Pub chain is first to sign up for procurement system
Wetherspoon raises the bar
Whitbread axes 20 jobs in supply chain division
Message in a bottle Two alcopops and a sun-dried tomato salad, please
21 April 2011 | Lindsay Clark
Fancy setting up an entire supply chain, hiring a team and buying all the IT you need to run the operation in just seven months?
This is the question David Loseby, procurement director of pub firm Stonegate said “yes” to.
In August last year, Stonegate acquired 333 pubs from Mitchells & Butlers for £373 million. Unfortunately, they came without a business infrastructure to support them.
Hired just before Christmas, Loseby has until the end of July to complete the huge task of putting in place the essential pillars of procurement.
“The brief that I had when parachuted in was to procure a new IT and till system, build a procurement team, and then put in place a whole new supply chain and all the contracts necessary to run this entire group,” he told SM.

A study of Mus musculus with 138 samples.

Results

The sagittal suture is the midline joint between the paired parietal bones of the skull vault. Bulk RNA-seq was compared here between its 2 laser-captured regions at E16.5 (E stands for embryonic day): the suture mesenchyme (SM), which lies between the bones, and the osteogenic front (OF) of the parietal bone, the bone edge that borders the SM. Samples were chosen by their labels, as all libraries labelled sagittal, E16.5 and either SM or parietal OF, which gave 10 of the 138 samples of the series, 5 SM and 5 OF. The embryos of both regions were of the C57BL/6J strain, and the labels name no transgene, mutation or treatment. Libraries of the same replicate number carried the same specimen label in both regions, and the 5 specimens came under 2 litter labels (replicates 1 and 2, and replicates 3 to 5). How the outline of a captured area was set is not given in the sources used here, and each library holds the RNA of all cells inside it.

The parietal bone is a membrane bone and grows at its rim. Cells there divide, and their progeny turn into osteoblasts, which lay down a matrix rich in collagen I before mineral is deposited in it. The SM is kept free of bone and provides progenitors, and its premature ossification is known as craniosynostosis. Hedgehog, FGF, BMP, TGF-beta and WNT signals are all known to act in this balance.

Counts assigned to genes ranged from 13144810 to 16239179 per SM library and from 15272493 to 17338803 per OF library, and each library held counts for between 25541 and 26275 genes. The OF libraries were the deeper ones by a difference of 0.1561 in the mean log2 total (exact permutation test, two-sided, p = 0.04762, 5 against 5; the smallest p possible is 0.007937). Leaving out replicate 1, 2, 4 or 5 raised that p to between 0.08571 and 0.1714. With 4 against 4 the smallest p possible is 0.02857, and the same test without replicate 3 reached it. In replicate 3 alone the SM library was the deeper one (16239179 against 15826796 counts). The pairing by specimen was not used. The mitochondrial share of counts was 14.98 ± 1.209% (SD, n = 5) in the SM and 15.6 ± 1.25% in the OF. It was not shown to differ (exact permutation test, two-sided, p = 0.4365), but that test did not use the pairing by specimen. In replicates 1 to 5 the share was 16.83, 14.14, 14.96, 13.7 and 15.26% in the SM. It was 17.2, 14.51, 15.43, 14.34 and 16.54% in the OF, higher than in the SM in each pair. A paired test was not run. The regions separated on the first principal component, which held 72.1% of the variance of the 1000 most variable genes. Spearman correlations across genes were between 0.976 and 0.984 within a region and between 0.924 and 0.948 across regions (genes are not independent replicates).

“We’re on track at the moment, but there have been some long hours and tough challenges along the way,” he said.
Since joining, Loseby has put together an eight-strong procurement team and bought all the IT and till systems, which are now being installed. The team has also redesigned supply chains and put in place a category management system to control spending of more than £100 million.
It was vital that the pubs remained open during the move from one owner to another, so transitional agreements were put in place with existing suppliers. Another challenge is that the procurement team has not been given sight of previous commercial arrangements with vendors, which means it has been unable to assess whether has saved money with its new contracts. Instead its success is being assessed using business measures such as gross margins and profitability.
Testament to procurement’s achievements so far is that within a month of joining, Loseby was invited to join the executive board of Stonegate, which is owned by TDR Capital. “There has been a recognition that good strong professional category management has not used before in this type of business. They have been quite positive and supportive of the results that we have delivered because of the way in which we have approached it. They are converts to what professional procurement can do.”